Why a compressed air audit is worth the energy

It’s a commonly known industrial fact – between 10-15 per cent of
industrial electricity is used to generate compressed air. And yet,
compressed air is an inefficient form of energy – 90 per cent of the
input energy used is discharged as waste heat. This is not only costly
from a sustainability standpoint; wasting energy means wasting money.
This is why both government and industry bodies recommend that
businesses take measures to improve the efficiency of their compressed
air systems. The first step is to organise an audit.

An audit can
identify factors that are causing inefficiencies in an air compressor
system such as leaks, poor controls, and pressure settings. However, not
all audit systems are designed equally. CAPS Australia expert and
branch manager for South Australia, Kevin Jones, said that unlike other
audit systems that typically offer a simple compressor efficiency
analysis, CAPS audits are designed from the ground up to be a
comprehensive system analysis tool that considers a broad range of
variables beyond the compressor.

These variables may include the
demand profile, usage and potential misuse, pipework design, plant room
and ancillary equipment selection and design, sources of leakage, and

“CAPS invested in the development of this air audit
system because we saw a need to help our customers solve efficiency and
performance as well as help them save money. We consider these savings
to be low-hanging fruit – as in they are easily achieved and the
benefits are relatively swift,” he explained.

The audits CAPS
provide are characteristically simple and low in cost. Moreover,
energy-saving audits are scalable. Regardless of an organisation’s size,
the percentage of savings after an audit will generally justify both
the audit and the costs of a system upgrade.

“It would be a rare
event if an audit didn’t find opportunities to improve efficiency,” said
Jones. “For example, an automotive supplier in South Australia
undertook an audit and a compressor upgrade through CAPS—they started
seeing energy savings of 40 per cent after installing the upgraded
compressor and will see a return on their investment in less than 2
years. These type of savings depend on the scope of the site. For
instance, a large mining site – well, that would require a more complex
and longer audit but the cost savings would likely be in the hundreds of

CAPS usually run an audit over seven days at a site.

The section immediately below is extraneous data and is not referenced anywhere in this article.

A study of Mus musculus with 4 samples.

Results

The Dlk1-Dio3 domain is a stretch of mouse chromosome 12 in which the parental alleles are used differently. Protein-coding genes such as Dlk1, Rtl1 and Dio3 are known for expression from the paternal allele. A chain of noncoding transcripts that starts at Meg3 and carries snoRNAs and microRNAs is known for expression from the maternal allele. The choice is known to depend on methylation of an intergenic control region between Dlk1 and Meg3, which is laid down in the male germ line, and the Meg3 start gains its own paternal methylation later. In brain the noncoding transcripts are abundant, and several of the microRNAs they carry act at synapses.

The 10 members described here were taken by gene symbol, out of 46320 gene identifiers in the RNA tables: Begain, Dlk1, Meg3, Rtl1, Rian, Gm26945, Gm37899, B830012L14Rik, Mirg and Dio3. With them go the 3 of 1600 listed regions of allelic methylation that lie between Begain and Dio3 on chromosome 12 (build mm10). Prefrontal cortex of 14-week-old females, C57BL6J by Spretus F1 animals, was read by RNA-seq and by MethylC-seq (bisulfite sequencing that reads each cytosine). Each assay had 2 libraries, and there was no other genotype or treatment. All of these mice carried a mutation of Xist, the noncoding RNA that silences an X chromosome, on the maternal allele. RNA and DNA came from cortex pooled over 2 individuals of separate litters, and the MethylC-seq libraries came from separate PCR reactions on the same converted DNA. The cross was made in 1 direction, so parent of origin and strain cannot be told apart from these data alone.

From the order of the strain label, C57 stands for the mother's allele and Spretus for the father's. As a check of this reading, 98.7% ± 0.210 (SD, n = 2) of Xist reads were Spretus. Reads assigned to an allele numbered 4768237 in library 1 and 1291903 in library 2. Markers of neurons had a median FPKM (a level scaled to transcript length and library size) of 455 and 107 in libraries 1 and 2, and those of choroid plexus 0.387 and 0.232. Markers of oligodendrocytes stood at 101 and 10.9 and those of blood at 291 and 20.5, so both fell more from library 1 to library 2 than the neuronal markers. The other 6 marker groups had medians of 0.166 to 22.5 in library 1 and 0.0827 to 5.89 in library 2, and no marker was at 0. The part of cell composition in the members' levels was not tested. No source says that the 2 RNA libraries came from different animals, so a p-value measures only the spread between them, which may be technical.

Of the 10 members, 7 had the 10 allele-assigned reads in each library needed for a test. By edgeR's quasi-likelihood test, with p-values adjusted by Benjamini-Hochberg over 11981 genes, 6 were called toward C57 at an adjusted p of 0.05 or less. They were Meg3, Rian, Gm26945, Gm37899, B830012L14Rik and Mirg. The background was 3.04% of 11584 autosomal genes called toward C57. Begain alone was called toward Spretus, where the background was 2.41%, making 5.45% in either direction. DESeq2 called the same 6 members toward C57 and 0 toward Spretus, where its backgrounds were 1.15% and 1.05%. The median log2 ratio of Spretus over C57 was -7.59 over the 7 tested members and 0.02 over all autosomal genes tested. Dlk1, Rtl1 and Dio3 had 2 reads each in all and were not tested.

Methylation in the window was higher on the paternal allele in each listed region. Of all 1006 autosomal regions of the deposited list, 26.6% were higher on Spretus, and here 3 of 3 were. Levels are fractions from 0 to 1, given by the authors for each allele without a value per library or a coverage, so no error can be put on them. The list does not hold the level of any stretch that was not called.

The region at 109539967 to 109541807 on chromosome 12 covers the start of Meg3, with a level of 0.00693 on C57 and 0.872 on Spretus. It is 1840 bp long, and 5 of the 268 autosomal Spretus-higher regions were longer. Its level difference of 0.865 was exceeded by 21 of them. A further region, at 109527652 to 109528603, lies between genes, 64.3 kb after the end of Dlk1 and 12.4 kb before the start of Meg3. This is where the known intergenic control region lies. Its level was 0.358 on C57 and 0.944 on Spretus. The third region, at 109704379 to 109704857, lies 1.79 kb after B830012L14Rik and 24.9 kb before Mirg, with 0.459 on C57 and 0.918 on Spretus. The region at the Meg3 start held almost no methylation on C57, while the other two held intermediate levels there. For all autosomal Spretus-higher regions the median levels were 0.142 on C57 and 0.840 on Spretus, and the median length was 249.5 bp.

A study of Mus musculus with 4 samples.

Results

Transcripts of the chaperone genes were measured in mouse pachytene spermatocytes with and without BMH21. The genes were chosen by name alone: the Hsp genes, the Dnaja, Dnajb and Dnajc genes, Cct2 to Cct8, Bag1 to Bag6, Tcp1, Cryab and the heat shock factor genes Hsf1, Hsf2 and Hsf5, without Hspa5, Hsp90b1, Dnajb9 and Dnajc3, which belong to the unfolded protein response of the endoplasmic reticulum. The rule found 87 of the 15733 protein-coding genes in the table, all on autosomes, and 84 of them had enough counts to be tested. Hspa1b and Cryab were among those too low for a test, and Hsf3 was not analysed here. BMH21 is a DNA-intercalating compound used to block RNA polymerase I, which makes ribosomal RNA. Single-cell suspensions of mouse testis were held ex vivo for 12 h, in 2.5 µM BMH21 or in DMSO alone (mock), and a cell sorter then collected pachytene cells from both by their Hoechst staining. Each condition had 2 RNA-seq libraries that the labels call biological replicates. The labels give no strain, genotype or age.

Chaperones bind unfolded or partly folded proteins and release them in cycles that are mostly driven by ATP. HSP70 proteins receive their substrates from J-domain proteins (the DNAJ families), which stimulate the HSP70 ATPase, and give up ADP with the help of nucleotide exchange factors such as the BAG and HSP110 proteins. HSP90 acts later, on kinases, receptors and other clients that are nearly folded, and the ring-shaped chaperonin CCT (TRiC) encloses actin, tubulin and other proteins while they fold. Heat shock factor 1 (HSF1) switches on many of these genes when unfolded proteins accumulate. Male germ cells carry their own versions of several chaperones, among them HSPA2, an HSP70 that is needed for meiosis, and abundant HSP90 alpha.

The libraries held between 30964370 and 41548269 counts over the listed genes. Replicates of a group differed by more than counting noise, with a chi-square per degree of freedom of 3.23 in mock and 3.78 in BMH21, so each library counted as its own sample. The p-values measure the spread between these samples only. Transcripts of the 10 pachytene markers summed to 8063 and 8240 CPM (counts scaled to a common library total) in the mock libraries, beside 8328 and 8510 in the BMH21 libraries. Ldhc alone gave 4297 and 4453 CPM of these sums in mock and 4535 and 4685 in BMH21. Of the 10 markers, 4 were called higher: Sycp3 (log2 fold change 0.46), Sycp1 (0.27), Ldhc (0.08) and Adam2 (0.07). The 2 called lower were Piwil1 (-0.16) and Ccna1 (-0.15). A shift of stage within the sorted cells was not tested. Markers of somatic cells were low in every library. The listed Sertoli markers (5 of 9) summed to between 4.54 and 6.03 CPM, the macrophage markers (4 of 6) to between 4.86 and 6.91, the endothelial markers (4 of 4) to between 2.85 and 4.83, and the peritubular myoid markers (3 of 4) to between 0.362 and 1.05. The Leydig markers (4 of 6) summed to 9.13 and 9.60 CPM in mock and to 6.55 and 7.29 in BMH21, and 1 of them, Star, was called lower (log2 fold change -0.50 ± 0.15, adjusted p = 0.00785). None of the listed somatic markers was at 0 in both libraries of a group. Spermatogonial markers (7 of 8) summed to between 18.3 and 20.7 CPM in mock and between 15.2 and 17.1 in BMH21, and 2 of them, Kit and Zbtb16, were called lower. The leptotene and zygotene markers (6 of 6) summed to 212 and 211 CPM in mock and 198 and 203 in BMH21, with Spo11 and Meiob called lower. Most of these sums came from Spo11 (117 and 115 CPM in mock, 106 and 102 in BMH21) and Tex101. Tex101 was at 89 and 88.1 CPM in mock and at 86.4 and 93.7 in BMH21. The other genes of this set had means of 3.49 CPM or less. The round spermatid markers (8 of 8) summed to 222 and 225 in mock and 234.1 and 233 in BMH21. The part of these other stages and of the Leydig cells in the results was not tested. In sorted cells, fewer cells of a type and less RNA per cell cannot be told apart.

Their process starts with getting an understanding of a customer’s
requirements and operations. “We first discuss with the customer what
they want to achieve – is it to simply cut costs or get the best option
moving forward? This will drive how we conduct the audit. Then we will
set up out at the site but in a way that is not intrusive, so we won’t
disrupt production or interfere with their usual activity,” Jones

“After one week of auditing (data logging) the
information is uploaded to the CAPS software and reviewed. This is where
we uncover the facts on the sites compressed air operation, and can
determine efficiency gains resulting in energy savings.”

provide both supply side audits and demand side or leak audits – the
latter uses ultrasonic technology to determine air leakage.

further detailed another case study where CAPS had provided an audit and
recommendations to an abattoir in Queensland, Kilcoy Pastoral.

[management] at Kilcoy were looking to upgrade their compressed air
system, so we logged and analysed the information, made some project
recommendations and supplied a new air compressor system,” Jones
explained. “We also did a verification air audit of the new equipment to
prove that we had provided the results we had [originally]

The client was very happy with the result. Not only
did they pay back their capital costs within two years; they are now
experiencing electricity savings of $15,000 every month.

A CAPS compressed air audit will uncover the facts that allow good business decisions to be made.

is why an audit is recommended for any business who wants to improve
their energy use and costs – if your system hasn’t been measured, how
will you know how much you will save?” Jones asked.